I was reading a post by Karen over on The Felting and Fiber Studio about a felt album cover she’s been making, where she keeps changing the design and unpicking the embroidery because she doesn’t like it. I know how she feels.
Before Christmas I made several manly scarves in various colour combinations, and they were very popular.
So I thought it was time to try some variations on the theme – but they haven’t worked out.
The first variation was using a preprinted silk scarf, using undyed merino. I didn’t like the result at all – the shapes and the colours just didn’t work together:
Then I tried using muslin with a more open weave. This was a bit tricky to work with, especially when it was wet, as it kept clinging to itself and was difficult to keep flat in one layer. Also, I had a problem with the wool, as the colour started leaching out when I wet it. You can see a bluish tinge where the muslin has taken up the colour on the left-hand side of the photo below:
(When I contacted the supplier about this, they said it was possible that an over dye had been used on it and that a small amount of excess was washing out. Has anyone else experienced this? It’s never happened to me before.)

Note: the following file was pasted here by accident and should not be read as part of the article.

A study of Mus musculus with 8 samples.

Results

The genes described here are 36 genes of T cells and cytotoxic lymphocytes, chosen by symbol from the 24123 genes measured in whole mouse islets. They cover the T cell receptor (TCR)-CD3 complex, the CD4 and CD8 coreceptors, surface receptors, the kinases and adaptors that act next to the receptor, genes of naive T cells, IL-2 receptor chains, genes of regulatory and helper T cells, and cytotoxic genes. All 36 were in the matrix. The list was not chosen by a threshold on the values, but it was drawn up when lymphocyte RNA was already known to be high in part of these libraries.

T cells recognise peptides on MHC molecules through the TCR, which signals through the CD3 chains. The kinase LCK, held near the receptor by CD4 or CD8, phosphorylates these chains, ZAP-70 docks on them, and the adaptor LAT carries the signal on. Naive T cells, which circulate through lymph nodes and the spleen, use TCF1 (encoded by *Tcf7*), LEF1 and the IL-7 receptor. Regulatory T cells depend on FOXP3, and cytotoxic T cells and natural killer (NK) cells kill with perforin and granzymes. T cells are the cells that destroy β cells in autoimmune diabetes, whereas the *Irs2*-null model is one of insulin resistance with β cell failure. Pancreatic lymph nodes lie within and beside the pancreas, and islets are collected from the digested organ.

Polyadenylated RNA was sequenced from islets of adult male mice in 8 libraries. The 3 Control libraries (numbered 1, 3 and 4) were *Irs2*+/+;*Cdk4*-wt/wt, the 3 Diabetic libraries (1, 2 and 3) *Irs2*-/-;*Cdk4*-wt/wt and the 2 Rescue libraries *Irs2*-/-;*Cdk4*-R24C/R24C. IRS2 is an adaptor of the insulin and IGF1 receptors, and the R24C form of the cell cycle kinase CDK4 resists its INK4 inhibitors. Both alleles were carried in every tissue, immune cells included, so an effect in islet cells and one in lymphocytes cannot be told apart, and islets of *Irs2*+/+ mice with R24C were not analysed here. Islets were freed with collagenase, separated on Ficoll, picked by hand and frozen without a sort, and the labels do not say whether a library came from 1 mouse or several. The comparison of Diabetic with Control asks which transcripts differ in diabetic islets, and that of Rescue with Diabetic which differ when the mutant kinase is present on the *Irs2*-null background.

The much more open weave of this muslin meant that with a bit of careful effort I could squeeze the plastic resists out through the muslin without cutting it (though it did leave a bit of a hole in some cases). I rather like the more subtle spot effect; up close it looks quite cellular.
However, because the muslin is so loose I think it would catch on things quite easily and become very irritating.
So I decided that maybe it was time to move on and try something else. Instead of changing materials, I changed the shape of the resist. Although I originally intended it to look like tiger stripes, I didn’t allow enough for the muslin to shrink, and the nuno areas are smaller than I planned, relative to the stripes. But in these colours it reminds me of the opening credits of The Simpsons – so welcome to my Clouds range!
When things don’t work out, it can be a chance to review your technique or rethink your design. But sometimes it may just give you a gentle nudge in a completely different direction. Some of my most interesting work has resulted from pieces that didn’t work out as planned – and in textiles that seems to happen more often than not!
I went to a talk by Grayson Perry at the British Museum just before Christmas, where he said it can be heartbreaking to spend a week on a piece that just doesn’t work. So it happens to everyone!